Rolls-Royce Plans Asian Production Push With China Still Keyby
Plants in Singapore, Malaysia to play major manufacturing role
Slowdown won't stop China from leading air-transport growth
Rolls-Royce Holdings Plc said it will step up plans to establish an Asian manufacturing capability to match that in its native U.K. as the second-biggest maker of jet engines doubles output with the introduction of new Boeing Co. and Airbus Group SE jets.
The move, which will pare production costs, brings Rolls closer to its fastest-growing clients and provides a back-up for British plants as output reaches unprecedented levels, aerospace unit president Tony Wood said. While a focus for “current volatility,” China remains the key driver of air-transport growth, he said.
“Much of our fleet of nearly 4,500 engines for large civil aircraft are flying with airlines based in Europe and North America,” Wood said in an interview. “As that base grows to more than 7,500 over the next 10 years, the focus will switch toward Asia.”
Rolls-Royce’s strategy is under scrutiny after activist investor ValueAct Capital Management boosted its stake following the appointment of Warren East as chief executive officer. While fellow shareholders Sequoia Fund Inc. and Investec Ltd. have queried the wisdom of expanding in marine engines and power gear, aero-engine manufacture remains the dominant activity.
Shares of Rolls-Royce rose as much as 2.3 percent and were trading 1.4 percent higher at 745 pence as of 2:44 p.m. in London, where the company is based, valuing it at 13.7 billion pounds ($21 billion).
The stock has fallen 13 percent this year following a 32 percent drop in 2014, hurt by a series of profit revisions. It rose 3.4 percent Monday after Rolls said it would fire a further 400 people at the marine unit as the lower oil price crimps offshore demand.
Rolls’s assembly site in Singapore, which handed over its first turbine in 2012, will accelerate production of the Trent 1000, one of two engine choices on the 787, and Trent 900, an option on Airbus’s A380 superjumbo.
The plant, which includes a full-size test bed, is designed to make 250 to 300 units a year at full capacity. That will allow the company’s main site at Derby in the English Midlands to focus on lifting build rates for the Trent XWB, which has an exclusive position on the A350, the industry’s newest wide-body model, from about one engine per week to one a day.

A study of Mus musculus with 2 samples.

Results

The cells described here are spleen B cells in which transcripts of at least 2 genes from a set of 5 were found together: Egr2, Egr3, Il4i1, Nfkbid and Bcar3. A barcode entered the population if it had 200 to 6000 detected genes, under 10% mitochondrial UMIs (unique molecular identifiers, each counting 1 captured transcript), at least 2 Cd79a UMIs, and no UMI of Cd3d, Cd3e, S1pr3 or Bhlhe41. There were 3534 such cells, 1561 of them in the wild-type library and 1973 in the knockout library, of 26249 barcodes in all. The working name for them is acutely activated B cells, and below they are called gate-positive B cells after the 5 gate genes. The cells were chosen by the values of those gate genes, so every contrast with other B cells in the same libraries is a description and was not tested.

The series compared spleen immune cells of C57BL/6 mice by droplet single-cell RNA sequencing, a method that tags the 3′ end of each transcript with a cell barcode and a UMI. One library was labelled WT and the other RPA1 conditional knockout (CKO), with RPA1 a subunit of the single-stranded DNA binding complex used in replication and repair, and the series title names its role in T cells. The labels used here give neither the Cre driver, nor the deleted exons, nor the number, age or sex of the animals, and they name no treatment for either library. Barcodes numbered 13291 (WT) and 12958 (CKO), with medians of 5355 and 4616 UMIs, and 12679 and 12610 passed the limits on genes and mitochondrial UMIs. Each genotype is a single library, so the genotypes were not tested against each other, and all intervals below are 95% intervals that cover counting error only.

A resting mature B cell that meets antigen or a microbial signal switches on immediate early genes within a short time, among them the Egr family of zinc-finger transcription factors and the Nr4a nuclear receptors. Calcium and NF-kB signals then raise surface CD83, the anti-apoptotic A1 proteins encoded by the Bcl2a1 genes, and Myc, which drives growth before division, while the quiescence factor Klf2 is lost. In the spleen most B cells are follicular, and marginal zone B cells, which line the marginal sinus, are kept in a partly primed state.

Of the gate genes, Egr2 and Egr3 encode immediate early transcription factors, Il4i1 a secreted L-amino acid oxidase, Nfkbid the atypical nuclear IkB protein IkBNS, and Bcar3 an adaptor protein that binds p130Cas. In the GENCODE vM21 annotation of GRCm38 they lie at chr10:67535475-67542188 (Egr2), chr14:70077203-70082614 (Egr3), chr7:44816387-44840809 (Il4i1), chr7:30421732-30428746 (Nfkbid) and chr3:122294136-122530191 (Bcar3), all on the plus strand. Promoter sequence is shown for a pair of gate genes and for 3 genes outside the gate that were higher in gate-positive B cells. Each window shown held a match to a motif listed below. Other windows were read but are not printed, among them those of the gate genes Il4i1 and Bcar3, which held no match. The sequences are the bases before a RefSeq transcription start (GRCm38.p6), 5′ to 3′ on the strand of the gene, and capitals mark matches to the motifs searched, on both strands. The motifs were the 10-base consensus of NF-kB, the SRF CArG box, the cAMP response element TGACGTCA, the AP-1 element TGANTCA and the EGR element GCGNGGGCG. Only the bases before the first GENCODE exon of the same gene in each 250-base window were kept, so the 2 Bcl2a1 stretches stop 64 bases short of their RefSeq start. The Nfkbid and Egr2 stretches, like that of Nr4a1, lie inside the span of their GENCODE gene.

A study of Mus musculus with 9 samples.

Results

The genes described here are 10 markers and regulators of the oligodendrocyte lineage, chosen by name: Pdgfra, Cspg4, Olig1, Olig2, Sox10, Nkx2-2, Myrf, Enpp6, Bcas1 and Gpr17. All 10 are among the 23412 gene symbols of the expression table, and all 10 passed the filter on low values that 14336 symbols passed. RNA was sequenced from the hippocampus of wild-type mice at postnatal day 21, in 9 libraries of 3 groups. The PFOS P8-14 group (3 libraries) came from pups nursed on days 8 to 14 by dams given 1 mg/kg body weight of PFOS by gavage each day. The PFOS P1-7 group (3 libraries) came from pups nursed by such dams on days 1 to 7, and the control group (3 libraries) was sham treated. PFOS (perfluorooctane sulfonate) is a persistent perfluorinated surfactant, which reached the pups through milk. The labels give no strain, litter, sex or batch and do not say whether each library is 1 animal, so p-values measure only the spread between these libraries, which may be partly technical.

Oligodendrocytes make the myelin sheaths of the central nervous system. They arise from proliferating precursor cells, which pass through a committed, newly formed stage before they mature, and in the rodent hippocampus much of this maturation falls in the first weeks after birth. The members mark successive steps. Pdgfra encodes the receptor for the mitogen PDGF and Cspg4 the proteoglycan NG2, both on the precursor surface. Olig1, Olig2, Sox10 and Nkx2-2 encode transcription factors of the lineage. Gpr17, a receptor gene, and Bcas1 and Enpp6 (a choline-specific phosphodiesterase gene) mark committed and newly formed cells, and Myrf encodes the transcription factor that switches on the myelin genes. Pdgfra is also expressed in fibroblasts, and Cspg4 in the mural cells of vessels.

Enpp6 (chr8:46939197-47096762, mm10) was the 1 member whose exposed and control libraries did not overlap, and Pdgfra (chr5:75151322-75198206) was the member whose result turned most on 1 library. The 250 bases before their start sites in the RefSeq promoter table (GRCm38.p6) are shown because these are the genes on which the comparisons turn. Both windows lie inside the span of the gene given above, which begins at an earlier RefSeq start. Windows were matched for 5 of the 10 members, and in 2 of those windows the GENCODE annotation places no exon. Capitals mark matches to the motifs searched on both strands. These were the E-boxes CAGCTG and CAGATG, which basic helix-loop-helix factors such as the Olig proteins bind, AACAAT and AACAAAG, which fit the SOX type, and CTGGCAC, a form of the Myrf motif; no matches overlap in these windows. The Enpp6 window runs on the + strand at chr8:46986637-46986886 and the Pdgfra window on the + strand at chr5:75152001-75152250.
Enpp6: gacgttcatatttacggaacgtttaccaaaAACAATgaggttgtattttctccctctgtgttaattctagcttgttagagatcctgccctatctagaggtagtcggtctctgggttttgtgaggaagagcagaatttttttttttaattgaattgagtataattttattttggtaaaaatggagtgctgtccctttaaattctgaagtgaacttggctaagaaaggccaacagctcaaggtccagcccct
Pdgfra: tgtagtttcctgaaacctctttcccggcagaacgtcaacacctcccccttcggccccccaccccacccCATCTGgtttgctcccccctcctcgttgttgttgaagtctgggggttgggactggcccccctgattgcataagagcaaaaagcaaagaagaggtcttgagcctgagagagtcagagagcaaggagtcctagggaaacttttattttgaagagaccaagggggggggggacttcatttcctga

“With higher production volumes and the steep ramp up in engines over the next three years, we’ve been able to reduce risk by ensuring dual supply chain capability wherever possible,” Wood said.
Work on metallic fan cases for the Trent 1000 will also transfer to Malaysia’s UMW Holdings Bhd. over the next five years as part of a 25-year supply agreement, leaving Rolls-Royce’s plant at Ansty, England, where they’re currently made, to focus on other models.
In a note to shareholders last week, Goldman Sachs listed “program risks” from increased output of the XWB and Trent 1000 as a threat to earnings, alongside currency fluctuations, tighter defense budgets and declines in spending on offshore-oil apparatus. It reinstated a “buy” rating on the stock with a targeted 50 percent price gain on the assumption that the ramp up can be successfully delivered.
While U.K. production at about 300 engines a year, the British operation will increasingly lean toward product development, such as all-composite fan cases for the next generation of aircraft powerplants, which are being developed at a new research center near Bristol.
The proportion of each engine that Rolls-Royce outsources to suppliers is also set to increase to about 80 percent from 70 percent now. Those companies are in turn establishing footholds in Asia, with GKN Plc buying Fokker Technologies Group BV for 706 million euros ($800 million) in a deal that boosts its exposure to China in aircraft wiring, and Senior Plc building a 6 million-pound Thai plant that will be its third in the region.
“This is a very deliberate strategy to get the best design and engineering from the guys in the U.K. and then get a good cost advantage with a very high quality by using our facility in Thailand,” Senior CEO David Squires said in an interview.
For Rolls, the changes will be seismic, amounting to “a multiyear transformation of our industrial base,” according to Mike Mosley, chief operating officer for the company’s supply chain, who spoke in Derby.